Summary: By focusing on a series of specific user needs rather than creating the entire product in one go, you're more likely to create a product which is more concise, more coherent, delivers a better user experience, and likely even delivered sooner.
Delivering a great solution isn't as simple as just having capable people— although at Dragon Drop we do have those— you also need to follow good processes.
A common approach to building pretty much anything is to follow a layered process. For instance, if you were building a house, you'd follow a fairly strict process of laying the foundations, building the walls, putting on the roof, and finishing with the decoration.
It's not unusual in software development to try and follow a similar process, where each member of the team is allowed to have their turn layering up the solution:
- The analyst reviews the client's needs
- The designers create screens showing the proposed end result
- The developers implement the solution, merging the needs and the screens
- The client reviews the solution
anyone involved could (and almost always does) find something with the solution that needs changing
The problem with this process, is that at any stage, anyone involved could (and almost always does) find something with the solution that needs changing.
This problem can be mitigated in part by spending a very large amount of time and money on steps 1 and 2 ensuring that the planned solution has all bases covered. However it's unlikely even then that you'll capture all issues in advance, leaving you with problems to fix, and less disposable cash to fix them with.
If, in the worst case, problems are found during the client review in step 4, you may need to go back through days/weeks of work to make the change that is requested, and unpicking that work could be challenging especially if this new requirement conflicts with others.
Time lost can be damaging for the business and the client
Time lost due to changing requirements, regardless of how it comes around, can be really damaging for both the business and the client.
How can this be avoided?
A nice way to avoid too much impact from changing requirements is to stop focusing on building a complete product in one go. Instead we should focus on just one requirement at a time - and ideally this requirement directly maps to a user need.
For instance, if you are creating a piece of software that has an account section, you could say a requirement of this product is that the user can log into their account. The team then focuses on implementing a solution that allows a user to log into their account; spending the smallest amount of time building something which perfectly matches the need. Because it's such a concise feature, it can be considered by the whole team simultaneously, developed in less time, more coherently, and demonstrated to client earlier. And very importantly, after each requirement is complete, you always have something which works end-to-end.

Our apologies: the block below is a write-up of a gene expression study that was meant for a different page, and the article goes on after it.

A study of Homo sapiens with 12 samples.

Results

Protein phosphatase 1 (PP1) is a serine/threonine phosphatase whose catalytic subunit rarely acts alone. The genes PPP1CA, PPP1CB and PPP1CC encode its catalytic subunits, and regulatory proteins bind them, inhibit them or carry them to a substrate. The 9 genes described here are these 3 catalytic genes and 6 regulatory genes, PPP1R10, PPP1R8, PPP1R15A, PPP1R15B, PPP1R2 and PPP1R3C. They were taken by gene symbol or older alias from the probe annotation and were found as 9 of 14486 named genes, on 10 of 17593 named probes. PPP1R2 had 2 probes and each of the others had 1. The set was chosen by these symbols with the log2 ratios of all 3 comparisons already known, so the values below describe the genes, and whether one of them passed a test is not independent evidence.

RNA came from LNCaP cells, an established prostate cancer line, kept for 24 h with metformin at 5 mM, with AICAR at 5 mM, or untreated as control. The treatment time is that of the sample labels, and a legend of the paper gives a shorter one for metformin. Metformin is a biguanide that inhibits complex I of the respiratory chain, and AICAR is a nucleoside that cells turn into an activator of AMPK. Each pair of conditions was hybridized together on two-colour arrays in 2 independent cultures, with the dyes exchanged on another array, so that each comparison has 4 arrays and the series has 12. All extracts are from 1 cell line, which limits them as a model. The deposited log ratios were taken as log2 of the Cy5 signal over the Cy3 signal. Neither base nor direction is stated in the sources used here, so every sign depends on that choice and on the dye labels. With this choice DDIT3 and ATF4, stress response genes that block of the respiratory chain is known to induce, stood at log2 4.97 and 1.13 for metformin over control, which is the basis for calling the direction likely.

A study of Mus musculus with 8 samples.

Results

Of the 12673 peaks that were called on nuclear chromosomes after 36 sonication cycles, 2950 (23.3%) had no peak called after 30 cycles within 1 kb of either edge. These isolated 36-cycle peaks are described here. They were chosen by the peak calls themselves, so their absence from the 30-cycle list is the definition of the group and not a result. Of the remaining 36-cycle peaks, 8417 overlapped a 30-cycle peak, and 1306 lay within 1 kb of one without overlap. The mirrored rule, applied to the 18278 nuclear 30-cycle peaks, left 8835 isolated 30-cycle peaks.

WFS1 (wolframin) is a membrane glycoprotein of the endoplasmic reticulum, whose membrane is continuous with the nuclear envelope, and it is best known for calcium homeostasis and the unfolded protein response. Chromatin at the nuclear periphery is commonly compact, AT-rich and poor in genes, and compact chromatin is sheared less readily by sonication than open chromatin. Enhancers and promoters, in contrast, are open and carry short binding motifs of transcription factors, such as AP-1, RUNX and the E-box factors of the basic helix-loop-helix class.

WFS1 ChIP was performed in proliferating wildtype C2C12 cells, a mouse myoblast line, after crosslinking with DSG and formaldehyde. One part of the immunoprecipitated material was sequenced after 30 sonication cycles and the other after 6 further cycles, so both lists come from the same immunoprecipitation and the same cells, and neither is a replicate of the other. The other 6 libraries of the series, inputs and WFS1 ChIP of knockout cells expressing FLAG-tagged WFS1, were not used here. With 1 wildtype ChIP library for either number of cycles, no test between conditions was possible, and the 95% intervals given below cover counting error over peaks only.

you always have something which works end-to-end
As a solution like this cuts through all of the layers of the product, we call it a slice. The thinner the slice, the better, as it's delivering the most concise feature, which stops too many requirements being considered at the same time, and ensures a quick cycle back to the client for review, shortening the Gap Of Uncertainty™.
Right now I need two positives.
Sure, a more concisely-developed product which can be developed quicker and with less uncertainty is a tough sell. To help convince you, here are some further thoughts.
A solution which is end-to-end by default.
Something I love about this approach is that because each slice forces every aspect of the product to be considered, after each slice you have an immediate view of the current state of the solution. Do the design assumptions really work? How effective is the error copy? What does it look like on my phone? With a solution which is end-to-end by default, all of these can easily be answered constantly, repeatedly, throughout development.
Also, because you're able to ask questions sooner, you're far more likely to find fundamental problems sooner, which can be fixed much sooner. Does the choice of database suit the registration form design requirements? Shouldn't the user be able to stay logged in for more than 30 minutes? Why does the home page look so odd in Android?
You may complete the solution sooner.
Finally, and my favourite consideration, is that you may complete the solution sooner, as you're able to see the point where enough slices have combined to deliver the client's overall need.
How about building a house room-by-room, and finding out the owner is perfectly happy and their needs are all fulfilled with just 3/4 of the original planned complexity and budget?
That's not possible with a house of course, but it certainly is with software.